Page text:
What to see
Beirut’s downtown is in the process of undergoing a complete renovation, restoring the buildings to their former glory and creating a bustling city centre to try to regain its former title of the ‘Paris of the Middle East’. Mosques, churches, offices and shops are all being reopened and it has given the centre a new bustling lease of life. A coffee in a café on one of the street corners of the Solidere district is a definite must-do. There is also beautiful corniche along the waterfront, perfect for an evening stroll watching the sunset.
Just 30 minutes outside of Beirut is the ancient fishing village of Byblos. Highlights of Byblos include the ruins of a 12th century crusader castle, Egyptian temples and a Roman amphitheatre. The busy harbour with its small cafes makes an ideal lunch stop to enjoy fresh seafood mezzes. In the small markets the Memoire de Temps shop sells perfectly fossilised fish ranging in size from 5cm to almost 1m.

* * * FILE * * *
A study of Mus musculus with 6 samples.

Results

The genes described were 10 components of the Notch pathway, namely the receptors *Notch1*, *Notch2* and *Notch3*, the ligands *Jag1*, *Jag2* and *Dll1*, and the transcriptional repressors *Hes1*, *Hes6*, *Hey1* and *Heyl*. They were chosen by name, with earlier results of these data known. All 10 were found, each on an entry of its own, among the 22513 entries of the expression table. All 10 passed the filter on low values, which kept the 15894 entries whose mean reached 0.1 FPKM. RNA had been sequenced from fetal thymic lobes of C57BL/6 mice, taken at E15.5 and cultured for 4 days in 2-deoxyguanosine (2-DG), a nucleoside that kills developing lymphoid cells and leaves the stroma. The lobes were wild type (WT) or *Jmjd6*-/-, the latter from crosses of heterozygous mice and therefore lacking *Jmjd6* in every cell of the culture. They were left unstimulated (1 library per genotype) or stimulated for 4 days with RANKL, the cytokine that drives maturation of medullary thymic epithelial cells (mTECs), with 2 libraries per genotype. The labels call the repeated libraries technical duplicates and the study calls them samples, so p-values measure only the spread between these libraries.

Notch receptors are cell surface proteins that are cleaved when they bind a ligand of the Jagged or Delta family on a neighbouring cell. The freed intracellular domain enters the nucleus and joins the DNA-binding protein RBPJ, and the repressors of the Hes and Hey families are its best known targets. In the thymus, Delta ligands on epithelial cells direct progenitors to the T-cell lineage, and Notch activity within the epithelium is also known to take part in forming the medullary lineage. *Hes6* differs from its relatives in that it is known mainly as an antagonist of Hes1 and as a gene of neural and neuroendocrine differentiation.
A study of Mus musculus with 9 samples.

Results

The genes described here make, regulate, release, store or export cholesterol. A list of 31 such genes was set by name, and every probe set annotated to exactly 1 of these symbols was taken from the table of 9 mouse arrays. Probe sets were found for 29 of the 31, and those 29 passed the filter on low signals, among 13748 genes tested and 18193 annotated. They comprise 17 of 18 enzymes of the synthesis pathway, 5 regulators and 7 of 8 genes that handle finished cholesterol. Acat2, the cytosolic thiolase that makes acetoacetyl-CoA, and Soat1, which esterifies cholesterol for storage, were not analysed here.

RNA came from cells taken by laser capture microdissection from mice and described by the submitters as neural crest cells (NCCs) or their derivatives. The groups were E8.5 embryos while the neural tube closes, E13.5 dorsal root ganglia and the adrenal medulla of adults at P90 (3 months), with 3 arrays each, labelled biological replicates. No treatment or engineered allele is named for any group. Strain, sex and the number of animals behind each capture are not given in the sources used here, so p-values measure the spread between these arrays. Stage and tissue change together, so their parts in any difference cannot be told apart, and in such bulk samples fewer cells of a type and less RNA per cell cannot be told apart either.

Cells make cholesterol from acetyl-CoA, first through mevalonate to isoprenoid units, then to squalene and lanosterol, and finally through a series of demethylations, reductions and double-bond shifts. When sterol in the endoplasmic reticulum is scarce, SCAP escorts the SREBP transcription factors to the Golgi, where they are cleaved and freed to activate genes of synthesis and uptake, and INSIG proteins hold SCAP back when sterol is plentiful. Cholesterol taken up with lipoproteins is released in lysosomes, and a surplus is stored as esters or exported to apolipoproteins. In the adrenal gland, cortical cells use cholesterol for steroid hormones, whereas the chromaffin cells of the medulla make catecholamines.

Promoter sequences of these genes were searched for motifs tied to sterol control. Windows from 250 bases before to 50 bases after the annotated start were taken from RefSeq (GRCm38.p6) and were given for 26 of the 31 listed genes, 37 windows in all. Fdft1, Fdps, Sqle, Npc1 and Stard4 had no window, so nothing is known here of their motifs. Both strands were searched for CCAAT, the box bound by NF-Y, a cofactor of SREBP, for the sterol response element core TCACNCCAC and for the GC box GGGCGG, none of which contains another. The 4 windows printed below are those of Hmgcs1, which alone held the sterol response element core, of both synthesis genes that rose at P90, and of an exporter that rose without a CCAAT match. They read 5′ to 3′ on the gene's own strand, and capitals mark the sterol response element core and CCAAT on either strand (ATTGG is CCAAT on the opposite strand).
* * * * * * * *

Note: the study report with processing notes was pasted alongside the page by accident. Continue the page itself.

En route to Byblos a stop should definitely be made at Jeita Grotto. The enormous caverns were only discovered in the 19th century and there are thousands of ancient stalactites and stalagmites covering the walls, floor and ceilings. The lower cavern is partially flooded throughout the year and is visited on a small electric boat.
The mountains surrounding the Bekka Valley provide an excellent water source for the fertile plains and there are some world-class wineries that are open for visits and wine tasting including the very well established Ksara Vineyard.
Lebanon’s real showpiece are the spectacular ruins at Baalbeck. The site isn’t as large as Palmyra in Syria, or Jerash in Jordan, but the ruins are far more intact and there are almost no visitors. The temple of Bacchus is larger than the Parthenon and the 6 remaining columns of the Temple of Jupiter are the tallest in the world.